What can student engagement results tell us about best practices in teaching and learning? Dr. Gonyea will discuss the National Survey of Student Engagement (NSSE) new Engagement Indicators that include ten short scales that touch on themes such as academic challenge, learning with peers, experiences with faculty, and the campus environment. In addition, he will talk about six High-Impact Practices—special undergraduate opportunities that have a particularly positive impact on learning and retention—and about NSSE’s new emphases on student experiences with writing, diversity, and academic advising.
The workshop will explore the University of Delaware's past NSSE results and help participants develop strategies for making the most of our spring 2014 participation in NSSE. The University’s NSSE results are available for your review on Institutional Research's secure NSSE website http://www.udel.edu/IR/reports/nsse/. To gain access, you will need to enter your UDelNet ID as your Username and Password. If you have difficulty accessing the website, please email Institutional Research at email@example.com.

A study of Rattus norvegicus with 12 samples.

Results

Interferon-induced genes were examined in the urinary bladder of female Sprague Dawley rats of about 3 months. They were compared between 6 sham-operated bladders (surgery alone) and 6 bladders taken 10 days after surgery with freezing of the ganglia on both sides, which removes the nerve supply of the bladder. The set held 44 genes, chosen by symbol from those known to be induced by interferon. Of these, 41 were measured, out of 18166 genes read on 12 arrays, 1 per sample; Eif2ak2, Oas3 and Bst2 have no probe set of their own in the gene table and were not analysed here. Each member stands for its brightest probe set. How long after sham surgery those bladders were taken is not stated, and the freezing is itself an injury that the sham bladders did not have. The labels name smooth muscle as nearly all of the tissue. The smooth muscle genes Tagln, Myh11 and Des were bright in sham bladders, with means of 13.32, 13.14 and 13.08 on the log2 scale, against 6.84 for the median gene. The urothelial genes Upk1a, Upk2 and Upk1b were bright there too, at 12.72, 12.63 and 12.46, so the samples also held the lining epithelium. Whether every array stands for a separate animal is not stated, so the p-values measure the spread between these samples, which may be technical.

Bob Gonyea is associate director of the Indiana University Center for Postsecondary Research. He coordinates research and reporting for the National Survey of Student Engagement and associated projects, and is also director of the College Student Experiences Questionnaire. Since 1999, Bob has been an integral contributor to NSSE’s development and success, such as the continuous improvement and testing of survey questions, design of reports and tools for institutional assessment, and the creation of the Beginning College Survey of Student Engagement (BCSSE) to assess precollege preparation and engagement.
Bob spent the early part of his career in student affairs administration where he gained insights about positive student development and effective campus environments. His current research interests include the assessment of college and university quality, writing as a form of engagement in learning, high-impact practices for undergraduate learners, and survey design. Bob’s work has appeared in Research in Higher Education, Journal of Higher Education, Journal of College Student Development, Liberal Education, New Directions for Institutional Research, and other higher education publications.
Bob’s Ed.D. is from Indiana University in higher education and student affairs, with a minor in educational inquiry.